Celebrate Benjamin Franklin’s Birthday
Happy Birthday, Benjamin Franklin! Franklin would have turned 303 years old on January 17, 2009. What was everyday life like in his Philadelphia household at Franklin Court, now part of Independence National Historical Park? Would archeology show his love of beer, experiments with electricity, pithy sense of humor, and keen intellect?
Franklin Court was the site of a mansion built under Franklin’s direction between 1763-65. Archeology found evidence of his tinkering proclivities, such as contrivances to carry away steam and smoke from the kitchen, ducts and dampers to heat the house, and a refrigerating pit to keep foodstuffs cool. Artifacts attest to household activities and preferences. The Franklins purchased kitchen wares like wide-mouthed jugs or heavy platters locally, but obtained fine tablewares from Europe and Asia. They preferred beef to lamb or pork, and oysters to clams. A punch bowl points to entertaining and family recipes for party punches. Franklin lived at the house in 1775-1776, a key period in the development of America as a nation independent from Great Britain. He also lived at Franklin Court from 1785 until his death in 1790.
Excavations recovered hints of Franklin’s projects. During the Enlightenment Era of the 18th and 19th centuries, curious Americans used scientific processes to investigate the unknown, such as why animals in the past looked different from animals in the present. A fossilized mastodon tooth found beneath Franklin’s house is an archeologically-analyzed paleontological artifact that points to Franklin’s involvement in the scientific movement. Mastodons were ancient elephant-like creatures that lived over 10,000 years ago in America. Archeologists believe that the tooth belonged to Franklin. Listen to an archeologist talk about the mastodon tooth in a podcast.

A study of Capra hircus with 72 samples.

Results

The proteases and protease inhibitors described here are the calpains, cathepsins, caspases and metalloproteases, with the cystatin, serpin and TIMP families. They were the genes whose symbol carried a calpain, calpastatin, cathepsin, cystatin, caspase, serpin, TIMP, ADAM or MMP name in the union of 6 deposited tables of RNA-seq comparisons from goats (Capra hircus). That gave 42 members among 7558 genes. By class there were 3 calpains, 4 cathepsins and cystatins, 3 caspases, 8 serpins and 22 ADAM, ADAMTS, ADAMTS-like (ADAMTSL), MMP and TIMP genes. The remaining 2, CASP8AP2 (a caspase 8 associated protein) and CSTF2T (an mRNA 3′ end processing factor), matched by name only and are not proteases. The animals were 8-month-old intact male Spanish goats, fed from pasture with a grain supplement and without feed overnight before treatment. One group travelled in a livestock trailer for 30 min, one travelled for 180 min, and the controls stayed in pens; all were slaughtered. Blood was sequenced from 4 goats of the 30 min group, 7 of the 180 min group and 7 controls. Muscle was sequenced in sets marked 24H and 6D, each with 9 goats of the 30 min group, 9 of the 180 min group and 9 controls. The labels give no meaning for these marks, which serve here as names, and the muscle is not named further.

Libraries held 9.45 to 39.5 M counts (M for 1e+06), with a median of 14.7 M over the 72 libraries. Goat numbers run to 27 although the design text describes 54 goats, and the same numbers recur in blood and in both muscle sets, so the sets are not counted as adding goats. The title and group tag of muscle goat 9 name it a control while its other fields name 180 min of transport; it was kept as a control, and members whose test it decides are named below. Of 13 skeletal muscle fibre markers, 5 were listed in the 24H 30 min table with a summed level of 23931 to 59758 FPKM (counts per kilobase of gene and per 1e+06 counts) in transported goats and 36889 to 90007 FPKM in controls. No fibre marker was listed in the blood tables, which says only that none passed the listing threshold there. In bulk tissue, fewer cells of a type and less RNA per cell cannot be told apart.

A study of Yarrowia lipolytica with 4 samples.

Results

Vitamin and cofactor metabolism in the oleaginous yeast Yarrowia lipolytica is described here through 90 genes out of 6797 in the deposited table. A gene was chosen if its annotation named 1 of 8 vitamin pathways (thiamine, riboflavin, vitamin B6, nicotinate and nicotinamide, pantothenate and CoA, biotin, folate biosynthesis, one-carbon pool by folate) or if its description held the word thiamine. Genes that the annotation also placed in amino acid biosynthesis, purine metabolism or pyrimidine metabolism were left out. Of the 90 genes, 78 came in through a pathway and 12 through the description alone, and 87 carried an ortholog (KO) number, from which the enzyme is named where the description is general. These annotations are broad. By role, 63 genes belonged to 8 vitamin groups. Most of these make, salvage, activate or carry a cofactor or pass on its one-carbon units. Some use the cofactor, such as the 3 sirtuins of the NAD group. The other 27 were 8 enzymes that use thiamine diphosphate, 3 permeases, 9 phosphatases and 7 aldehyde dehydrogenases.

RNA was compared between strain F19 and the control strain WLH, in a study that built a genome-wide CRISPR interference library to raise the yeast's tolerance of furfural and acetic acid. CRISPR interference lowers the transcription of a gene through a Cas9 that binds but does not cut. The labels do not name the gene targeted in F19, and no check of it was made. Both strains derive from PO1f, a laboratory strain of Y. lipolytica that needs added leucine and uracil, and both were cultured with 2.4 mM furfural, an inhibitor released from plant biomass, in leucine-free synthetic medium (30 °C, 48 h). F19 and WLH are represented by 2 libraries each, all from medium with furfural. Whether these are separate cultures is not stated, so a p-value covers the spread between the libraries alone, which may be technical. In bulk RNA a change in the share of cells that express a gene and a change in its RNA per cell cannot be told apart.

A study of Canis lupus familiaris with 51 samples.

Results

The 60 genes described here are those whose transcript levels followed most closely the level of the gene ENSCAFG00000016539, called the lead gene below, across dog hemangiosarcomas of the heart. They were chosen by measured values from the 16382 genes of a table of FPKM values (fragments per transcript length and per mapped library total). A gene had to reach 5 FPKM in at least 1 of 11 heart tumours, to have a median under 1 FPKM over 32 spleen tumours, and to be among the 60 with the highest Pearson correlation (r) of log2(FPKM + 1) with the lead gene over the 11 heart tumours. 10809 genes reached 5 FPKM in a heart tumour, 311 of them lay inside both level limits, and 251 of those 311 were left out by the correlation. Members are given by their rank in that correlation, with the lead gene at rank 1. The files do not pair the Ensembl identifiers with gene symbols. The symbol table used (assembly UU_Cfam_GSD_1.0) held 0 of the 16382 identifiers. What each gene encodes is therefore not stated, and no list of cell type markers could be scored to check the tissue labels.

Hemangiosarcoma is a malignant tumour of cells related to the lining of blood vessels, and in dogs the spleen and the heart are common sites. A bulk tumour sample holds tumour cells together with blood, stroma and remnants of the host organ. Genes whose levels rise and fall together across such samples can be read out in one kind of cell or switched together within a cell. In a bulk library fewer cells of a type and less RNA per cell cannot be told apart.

Visit Franklin Court to see artifacts and exhibits where Franklin’s contributions to American history as an everyday person doing extraordinary things took place. Archeology in the 1950s recovered the kitchen and privy pits, but not enough of the main house for a complete and accurate reconstruction. A “ghost structure” – a frame in the shape of the house – was built instead. Today, visitors can peer through portals to see the privy pits, wells, and foundations. An underground museum goes into depth about Franklin’s life at Franklin Court. Also in Philadelphia, visit the Franklin National Memorial at the Franklin Institute Science Museum.
Other places on the Web provide complementary approaches to archeology at Franklin Court. See how historical architects analyzed the structures at Franklin’s Court and a museum collection of objects with a close association with Franklin.
Archeology at Independence National Historical Park offers teachers with a way for their students to make the historical figures of the American Revolution seem more real through the objects they left behind. The Independence Park Institute has a lesson plan (.pdf, 4MB) to learn more about archeology and Benjamin Franklin's neighborhood: see a 10-minute movie (.mov, 66MB).
Archeology has played an important role in recovering lost information about the people and contradictions of life in Philadelphia during the Revolutionary Era. Franklin Court offers one way to learn more.